Before HM Coroner Andrew Harris
Southwark Coroner’s Court
1 Tennis St, London SE1 1YD
Opens Monday 2 September 2019
Scheduled for three weeks
Five year old Alex Malcolm was brutally beaten in a park in Catford, South East London and died two days later on 22 November 2016. The then boyfriend of Alex’s mother, Marvyn Iheanacho, was later charged with his murder. It was only after this conviction that mother, Liliya Breha, was made aware of Iheanacho’s licence conditions and high risk, which was known to the National Probation Service (NPS).
An inquest will open on Monday 2 September, to explore the adequacy of Iheanacho’s supervision by the NPS, and why no steps were taken to inform Liliya of Iheanacho’s risk to her and her child. Marvyn Iheanacho had been under the supervision of the NPS after being released from prison on licence on 31 May 2016, where he had been serving a sentence for an assault on a former girlfriend.
Iheanacho’s licence conditions were that he was not to have unsupervised contact with children under the age of 16 without the prior approval of his supervising officer and social services. Liliya was informed of this for the first time following the conclusion of the criminal trial, at which Iheanacho was found guilty of Alex’s murder, when the NPS were conducting a Serious Further Offence review.
Whilst the NPS were aware of Liliya and the fact that she had a young child, they took no steps to enforce Iheanacho’s licence conditions. Iheanacho was assessed as presenting a high risk of serious harm to partners (current and future) and a medium risk to members of the public, staff and children. Liliya had been completely unaware of this prior to Alex’s death and says that had she known she would have ended the relationship.
Liliya requested that the inquest into Alex’s death be resumed to find the answers as to why no steps were taken to inform her of the known risks Iheanacho posed. The inquest will explore the actions of the NPS and whether and how any failures contributed to Alex’s death. This case is one of a series of deaths highlighting serious issues with probation services, following Chris Grayling’s ‘Transforming Rehabilitation’ initiative which launched in 2013.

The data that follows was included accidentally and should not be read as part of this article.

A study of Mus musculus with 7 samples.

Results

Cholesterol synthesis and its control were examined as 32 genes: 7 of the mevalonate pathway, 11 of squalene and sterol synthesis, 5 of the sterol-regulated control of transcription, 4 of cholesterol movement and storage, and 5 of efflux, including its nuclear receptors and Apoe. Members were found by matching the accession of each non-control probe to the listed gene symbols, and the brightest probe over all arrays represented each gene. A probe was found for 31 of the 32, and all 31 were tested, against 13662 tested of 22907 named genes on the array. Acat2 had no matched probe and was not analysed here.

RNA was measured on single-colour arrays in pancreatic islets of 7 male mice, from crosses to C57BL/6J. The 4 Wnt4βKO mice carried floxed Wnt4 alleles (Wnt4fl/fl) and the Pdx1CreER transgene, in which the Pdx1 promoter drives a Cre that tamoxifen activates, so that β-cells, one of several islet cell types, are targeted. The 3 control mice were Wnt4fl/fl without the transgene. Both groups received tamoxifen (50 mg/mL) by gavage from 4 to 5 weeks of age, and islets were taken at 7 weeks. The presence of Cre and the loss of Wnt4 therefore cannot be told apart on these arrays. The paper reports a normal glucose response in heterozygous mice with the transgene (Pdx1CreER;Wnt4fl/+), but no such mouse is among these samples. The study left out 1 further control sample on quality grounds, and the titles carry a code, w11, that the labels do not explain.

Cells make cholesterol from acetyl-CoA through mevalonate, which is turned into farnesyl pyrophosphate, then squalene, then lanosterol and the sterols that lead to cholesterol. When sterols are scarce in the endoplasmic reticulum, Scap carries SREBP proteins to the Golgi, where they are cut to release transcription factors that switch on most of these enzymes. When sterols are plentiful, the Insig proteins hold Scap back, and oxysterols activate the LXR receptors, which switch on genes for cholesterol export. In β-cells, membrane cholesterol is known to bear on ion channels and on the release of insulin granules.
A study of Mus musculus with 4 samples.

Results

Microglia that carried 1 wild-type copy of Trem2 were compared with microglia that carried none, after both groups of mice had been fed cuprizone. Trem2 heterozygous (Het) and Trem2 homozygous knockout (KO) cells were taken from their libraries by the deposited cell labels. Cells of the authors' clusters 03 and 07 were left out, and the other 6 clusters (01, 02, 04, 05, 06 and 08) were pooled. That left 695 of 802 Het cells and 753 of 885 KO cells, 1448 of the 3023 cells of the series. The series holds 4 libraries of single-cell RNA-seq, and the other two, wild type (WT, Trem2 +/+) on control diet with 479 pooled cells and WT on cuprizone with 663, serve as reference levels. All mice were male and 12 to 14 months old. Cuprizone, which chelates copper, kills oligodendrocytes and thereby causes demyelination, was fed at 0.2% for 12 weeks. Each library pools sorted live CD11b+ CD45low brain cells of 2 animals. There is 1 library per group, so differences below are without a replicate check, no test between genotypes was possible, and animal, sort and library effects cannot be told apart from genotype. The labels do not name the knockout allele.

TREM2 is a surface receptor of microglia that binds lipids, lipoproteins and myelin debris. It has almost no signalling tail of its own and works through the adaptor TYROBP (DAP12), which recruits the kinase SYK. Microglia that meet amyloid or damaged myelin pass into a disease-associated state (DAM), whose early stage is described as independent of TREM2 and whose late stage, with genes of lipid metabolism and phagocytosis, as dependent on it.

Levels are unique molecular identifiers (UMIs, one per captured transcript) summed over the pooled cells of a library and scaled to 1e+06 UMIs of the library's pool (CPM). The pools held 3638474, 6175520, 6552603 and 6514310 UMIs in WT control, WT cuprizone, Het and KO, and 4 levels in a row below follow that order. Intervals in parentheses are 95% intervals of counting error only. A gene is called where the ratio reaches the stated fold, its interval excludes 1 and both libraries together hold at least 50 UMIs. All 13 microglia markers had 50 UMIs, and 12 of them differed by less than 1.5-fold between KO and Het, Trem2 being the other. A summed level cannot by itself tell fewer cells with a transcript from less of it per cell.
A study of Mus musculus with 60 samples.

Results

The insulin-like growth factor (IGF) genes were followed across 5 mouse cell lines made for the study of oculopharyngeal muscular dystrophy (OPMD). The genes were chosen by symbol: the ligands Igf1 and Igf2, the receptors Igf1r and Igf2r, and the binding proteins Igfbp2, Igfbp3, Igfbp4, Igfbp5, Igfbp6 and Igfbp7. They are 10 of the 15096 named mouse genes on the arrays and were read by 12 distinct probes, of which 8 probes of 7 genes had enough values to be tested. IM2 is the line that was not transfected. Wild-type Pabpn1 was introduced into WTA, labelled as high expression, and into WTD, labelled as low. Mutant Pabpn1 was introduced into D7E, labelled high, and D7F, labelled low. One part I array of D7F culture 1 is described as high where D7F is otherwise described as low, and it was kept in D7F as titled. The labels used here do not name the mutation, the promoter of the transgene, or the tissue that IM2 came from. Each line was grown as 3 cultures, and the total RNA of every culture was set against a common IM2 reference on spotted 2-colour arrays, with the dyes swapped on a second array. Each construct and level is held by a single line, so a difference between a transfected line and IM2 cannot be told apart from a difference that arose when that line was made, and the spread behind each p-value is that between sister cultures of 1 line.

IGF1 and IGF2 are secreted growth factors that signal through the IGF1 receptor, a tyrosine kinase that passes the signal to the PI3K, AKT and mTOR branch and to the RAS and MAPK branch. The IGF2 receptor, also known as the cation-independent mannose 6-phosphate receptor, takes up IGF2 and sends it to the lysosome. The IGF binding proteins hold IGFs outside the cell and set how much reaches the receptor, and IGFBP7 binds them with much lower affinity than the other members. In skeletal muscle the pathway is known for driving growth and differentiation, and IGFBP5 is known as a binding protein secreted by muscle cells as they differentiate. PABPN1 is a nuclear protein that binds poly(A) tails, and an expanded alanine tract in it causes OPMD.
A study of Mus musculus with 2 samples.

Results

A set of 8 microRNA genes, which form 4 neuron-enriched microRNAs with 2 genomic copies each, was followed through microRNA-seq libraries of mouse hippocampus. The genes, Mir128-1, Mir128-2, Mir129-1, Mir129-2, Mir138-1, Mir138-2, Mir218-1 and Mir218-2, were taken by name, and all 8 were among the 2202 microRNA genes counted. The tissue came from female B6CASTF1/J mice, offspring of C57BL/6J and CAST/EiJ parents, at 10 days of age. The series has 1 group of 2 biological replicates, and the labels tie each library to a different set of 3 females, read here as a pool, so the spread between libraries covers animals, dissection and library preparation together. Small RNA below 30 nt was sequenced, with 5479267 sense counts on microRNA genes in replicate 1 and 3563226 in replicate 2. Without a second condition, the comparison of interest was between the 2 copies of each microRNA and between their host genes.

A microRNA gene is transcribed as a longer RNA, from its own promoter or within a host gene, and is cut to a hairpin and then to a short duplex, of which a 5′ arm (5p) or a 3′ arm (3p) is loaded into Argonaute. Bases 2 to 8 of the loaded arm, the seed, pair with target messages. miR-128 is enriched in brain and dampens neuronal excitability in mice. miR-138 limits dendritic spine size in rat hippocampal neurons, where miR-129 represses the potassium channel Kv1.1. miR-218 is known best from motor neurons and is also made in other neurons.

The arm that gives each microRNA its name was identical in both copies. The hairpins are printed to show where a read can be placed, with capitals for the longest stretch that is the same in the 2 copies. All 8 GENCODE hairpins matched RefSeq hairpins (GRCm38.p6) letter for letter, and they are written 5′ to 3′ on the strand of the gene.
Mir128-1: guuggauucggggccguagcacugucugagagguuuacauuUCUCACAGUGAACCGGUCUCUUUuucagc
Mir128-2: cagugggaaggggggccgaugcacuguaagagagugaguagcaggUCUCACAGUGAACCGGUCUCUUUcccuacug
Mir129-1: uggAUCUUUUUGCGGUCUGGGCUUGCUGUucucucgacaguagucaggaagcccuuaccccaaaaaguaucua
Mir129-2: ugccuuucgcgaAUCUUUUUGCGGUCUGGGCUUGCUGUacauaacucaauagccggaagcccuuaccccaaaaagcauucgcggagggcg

NOTES TO EDITORS
For further information, interview requests and to note your interest, please contact Lucy McKay on 020 7263 1111 or email@example.com.
The family is represented by INQUEST Lawyers Group members Sarah Kellas of Birnberg Peirce Ltd Solicitors and Rajeev Thacker of Garden Court Chambers.
The other interested persons represented are the National Probation Service/Ministry of Justice, the Metropolitan Police, and two probation officers who are separately represented.
Other recent deaths involving people on licence to the probation service include:
Quyen Ngoc Nguyen, 28, died in August 2017 following sexual and physical violence by two men who had been released from prison on licence and were under the supervision of the National Probation Service. The inquest exposed a ‘dysfunctional’ system for public protection. Media release.
Lisa Skidmore, 37, was killed by a man under National Probation Service supervision on 24 November 2016. The inquest identified a failure of the probation services and police to respond to a clear escalation of risk, and highlighted failures in communication between agencies involved. Media release.
Connor Marshall, 18, died in March 2015, after being attacked by a man on probation who had breached the terms of his license and missed numerous meetings. See media coverage.
Lukasz Slaboszewski, 31, Kevin Lee, 48, and John Chapman, 56, were killed in March 2013 by a woman who was serving a community order and was under the supervision of probation services and known to have the “potential to cause serious harm”. See media coverage.
‘Transforming Rehabilitation’ was a programme of work intended to reform the supervision of offenders in England and Wales. It was launched by Chris Grayling, then justice minister, in a white paper in May 2013. A deeply critical review of progress of the programme, published by the National Audit Office in March 2019, highlighted the admission of the Ministry of Justice that the reforms had failed to meet targets, with the NAO finding, “Although the number of reoffenders has reduced, the average number of reoffences they commit has increased significantly.”
As well as the increase in reoffending and related deaths, there has also been a significant increase in deaths of people on probation since the reforms. See: Why are so many people dying on probation in England and Wales?, an article by INQUEST Head of Policy, Rebecca Roberts.